A sliding rupee, rising crude oil prices and trade war fears have dented market sentiment over the past few weeks. London-based Jan Dehn, head of research at Ashmore Group, tells Puneet Wadhwa that the company has cut its exposure in India over the past few months for tactical reasons. Edited excerpts:
Is India fast losing its appeal among foreign investors?
No, foreign sentiment towards all of emerging markets
(EM) has been dented this year due to protectionism fears and temporary impact of the Trump tax cut on US growth. This is not India-specific at all. Indeed, the main change in India is a stronger outlook for consumers and consumption–led sectors, which is a positive development.
What is your current allocation and do you plan to trim exposure next year?
We have light exposure in India due to the Indian government's odd resistance to joining global benchmark indices for fixed income, which by the way, would have led to net inflows to India and therefore less pressure on the rupee. We also have light exposure for tactical reasons, mainly to do with dollar strength and protectionism. However, these are merely tactical considerations. I have no doubt whatsoever that our exposure will increase meaningfully in the next six months.
How much more could the Indian markets fall from the current levels?
are not going to fall much from here, if at all. Trump’s perverse fondness for taxing American consumers will be challenged strongly by Republicans after the mid-term election in November, when the focus shifts to avoiding a recession before the next US presidential election in 2020.
How will corporate earnings play out? Which sectors and stocks are you overweight and underweight on?
The corporate earnings outlook in India looks solid. The consumer/ consumption sector is in play and the government provides a gentle tailwind with its fiscal policy. The current consensus, however, is too conservative. Global headwinds will fade and the consumer/consumption story will pick up further. This should lift earnings relative to the current consensus.
What is your view on mid-and small-cap stocks?
They are a buy for the medium-term. Large-caps, on the other hand, have started to really benefit from the reforms early in Narendra Modi's term as well as fiscal stimulus, but with the consumer/consumption story coming back, there will be a recovery for small-and mid-sized stocks around the corner, too.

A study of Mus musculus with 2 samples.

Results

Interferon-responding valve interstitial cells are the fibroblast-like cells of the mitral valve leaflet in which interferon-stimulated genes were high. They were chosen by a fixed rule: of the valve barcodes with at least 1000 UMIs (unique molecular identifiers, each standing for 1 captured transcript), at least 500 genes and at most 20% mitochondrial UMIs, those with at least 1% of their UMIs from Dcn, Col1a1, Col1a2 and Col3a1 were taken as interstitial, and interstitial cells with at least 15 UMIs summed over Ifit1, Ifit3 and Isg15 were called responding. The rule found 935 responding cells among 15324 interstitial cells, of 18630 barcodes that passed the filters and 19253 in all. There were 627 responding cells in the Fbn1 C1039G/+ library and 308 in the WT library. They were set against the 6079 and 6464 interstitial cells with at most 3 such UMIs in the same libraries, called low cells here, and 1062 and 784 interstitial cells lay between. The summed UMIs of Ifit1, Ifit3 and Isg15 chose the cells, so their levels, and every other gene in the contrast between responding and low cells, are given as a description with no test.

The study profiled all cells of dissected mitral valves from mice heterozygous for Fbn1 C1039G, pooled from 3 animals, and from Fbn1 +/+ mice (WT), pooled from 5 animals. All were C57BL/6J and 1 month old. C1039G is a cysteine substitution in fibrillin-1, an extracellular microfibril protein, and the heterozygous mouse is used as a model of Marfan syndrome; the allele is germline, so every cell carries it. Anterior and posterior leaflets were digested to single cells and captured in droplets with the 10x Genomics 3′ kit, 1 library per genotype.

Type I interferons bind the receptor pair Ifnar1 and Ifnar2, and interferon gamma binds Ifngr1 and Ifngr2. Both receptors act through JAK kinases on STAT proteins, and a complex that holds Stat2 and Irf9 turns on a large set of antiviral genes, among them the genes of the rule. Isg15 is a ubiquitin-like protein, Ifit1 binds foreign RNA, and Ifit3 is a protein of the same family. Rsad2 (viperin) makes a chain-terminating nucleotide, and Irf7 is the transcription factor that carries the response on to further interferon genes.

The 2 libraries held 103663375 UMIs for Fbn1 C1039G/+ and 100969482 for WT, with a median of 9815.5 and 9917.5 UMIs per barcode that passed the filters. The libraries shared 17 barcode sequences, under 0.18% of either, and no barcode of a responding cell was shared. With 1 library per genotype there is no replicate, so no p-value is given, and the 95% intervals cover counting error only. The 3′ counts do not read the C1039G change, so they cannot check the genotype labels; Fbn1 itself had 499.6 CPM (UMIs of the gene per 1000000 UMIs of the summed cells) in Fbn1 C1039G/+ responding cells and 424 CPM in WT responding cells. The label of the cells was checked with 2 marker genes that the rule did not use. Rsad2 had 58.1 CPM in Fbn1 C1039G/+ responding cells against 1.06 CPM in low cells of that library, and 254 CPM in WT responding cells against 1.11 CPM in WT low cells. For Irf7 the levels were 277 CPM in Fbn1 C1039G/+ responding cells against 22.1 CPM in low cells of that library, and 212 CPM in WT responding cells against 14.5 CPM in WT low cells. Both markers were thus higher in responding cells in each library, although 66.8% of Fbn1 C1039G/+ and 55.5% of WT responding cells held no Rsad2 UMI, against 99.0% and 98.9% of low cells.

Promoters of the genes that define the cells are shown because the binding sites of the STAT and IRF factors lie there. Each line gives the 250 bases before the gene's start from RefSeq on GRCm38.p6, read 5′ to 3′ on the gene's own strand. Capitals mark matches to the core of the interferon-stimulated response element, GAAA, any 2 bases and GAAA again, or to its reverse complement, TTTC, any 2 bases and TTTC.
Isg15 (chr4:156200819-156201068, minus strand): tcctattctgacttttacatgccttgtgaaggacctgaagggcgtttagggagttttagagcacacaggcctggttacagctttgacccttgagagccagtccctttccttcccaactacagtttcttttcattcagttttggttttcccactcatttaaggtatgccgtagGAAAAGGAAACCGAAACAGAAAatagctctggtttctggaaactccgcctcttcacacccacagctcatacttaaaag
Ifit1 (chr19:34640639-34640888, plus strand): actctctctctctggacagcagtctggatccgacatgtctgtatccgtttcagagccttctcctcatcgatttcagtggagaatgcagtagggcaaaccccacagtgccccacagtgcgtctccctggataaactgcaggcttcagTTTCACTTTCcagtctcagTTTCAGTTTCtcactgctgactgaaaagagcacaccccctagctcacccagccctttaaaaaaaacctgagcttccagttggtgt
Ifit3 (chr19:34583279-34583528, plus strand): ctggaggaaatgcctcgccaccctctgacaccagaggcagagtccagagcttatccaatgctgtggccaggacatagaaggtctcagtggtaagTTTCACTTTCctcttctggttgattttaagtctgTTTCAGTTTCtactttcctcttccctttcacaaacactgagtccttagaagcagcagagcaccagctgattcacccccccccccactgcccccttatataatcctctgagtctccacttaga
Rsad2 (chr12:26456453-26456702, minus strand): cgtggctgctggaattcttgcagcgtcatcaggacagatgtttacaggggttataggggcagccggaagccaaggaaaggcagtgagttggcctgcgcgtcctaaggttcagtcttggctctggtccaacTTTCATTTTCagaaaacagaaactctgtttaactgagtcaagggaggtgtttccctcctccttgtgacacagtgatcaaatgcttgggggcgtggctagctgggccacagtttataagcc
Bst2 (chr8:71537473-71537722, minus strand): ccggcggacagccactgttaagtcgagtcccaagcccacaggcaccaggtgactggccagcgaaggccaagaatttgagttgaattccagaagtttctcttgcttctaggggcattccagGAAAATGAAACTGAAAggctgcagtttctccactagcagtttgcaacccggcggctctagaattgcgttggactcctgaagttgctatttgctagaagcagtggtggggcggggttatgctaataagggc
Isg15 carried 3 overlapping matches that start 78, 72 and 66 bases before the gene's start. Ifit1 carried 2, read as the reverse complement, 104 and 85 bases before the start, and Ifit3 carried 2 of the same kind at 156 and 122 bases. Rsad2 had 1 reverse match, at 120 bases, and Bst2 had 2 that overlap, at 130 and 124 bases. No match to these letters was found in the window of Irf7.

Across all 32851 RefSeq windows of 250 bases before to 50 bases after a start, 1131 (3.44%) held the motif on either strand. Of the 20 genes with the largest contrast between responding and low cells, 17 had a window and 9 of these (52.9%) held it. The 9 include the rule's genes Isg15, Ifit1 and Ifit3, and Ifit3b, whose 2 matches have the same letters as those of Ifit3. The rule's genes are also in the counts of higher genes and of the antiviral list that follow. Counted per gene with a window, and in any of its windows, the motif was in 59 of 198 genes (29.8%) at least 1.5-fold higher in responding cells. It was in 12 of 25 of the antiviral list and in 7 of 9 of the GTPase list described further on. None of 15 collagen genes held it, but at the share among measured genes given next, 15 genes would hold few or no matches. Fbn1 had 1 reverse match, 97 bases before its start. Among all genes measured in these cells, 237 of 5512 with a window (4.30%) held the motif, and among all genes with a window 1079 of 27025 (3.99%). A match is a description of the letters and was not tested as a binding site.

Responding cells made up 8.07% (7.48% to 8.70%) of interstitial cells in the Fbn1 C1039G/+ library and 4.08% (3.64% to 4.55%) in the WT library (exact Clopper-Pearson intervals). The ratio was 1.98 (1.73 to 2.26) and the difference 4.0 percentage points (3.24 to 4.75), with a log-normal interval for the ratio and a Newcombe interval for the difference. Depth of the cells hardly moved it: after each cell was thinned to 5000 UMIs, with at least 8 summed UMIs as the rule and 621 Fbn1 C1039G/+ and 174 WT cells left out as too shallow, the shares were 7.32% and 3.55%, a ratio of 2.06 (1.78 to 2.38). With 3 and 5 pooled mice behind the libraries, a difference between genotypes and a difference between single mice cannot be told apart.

How do you view the government’s decision to merge three PSU banks?
The government is finally addressing the problem in the banking system. Sound banks are a prerequisite for consumer-led growth and credit to business. Good news, clearly. Public sector banks (PSBs) should be assessed on an individual basis, as should all stocks. Even, PSU banks are now attractive.
What is your interpretation of the recent macro-economic data from India? Do you expect the rate hikes by the Reserve Bank of India (RBI) to be steeper given the rupee’s fall?
The fall in the rupee this year is driven 95 per cent by the broad rise in the dollar, and is likely approaching its final stages. There is no strong evidence of pass-through to inflation, which remains well-behaved in large part due to the credibility of the RBI. It would be wrong to hike materially solely due to changes in the exchange rate. The RBI's focus should be on prices, not the forex rates.
Do you see the government revise the fiscal deficit target? How are the markets likely to react to any slippages?
While adjustments can never be ruled out, I do not see this government abandoning fiscal discipline going ahead.
Global markets are getting confused with the blow hot, blow cold on trade wars. What’s your interpretation?
I disagree. There is no confusion. Trade wars are bad. Full stop. India and many other EMs have long and painful experiences of protectionism and import-substitution industrialisation policies. EM countries should stand up as a group to educate the American president about how not to run a trade policy. It just may save the world from an earlier-than-expected recession in the US.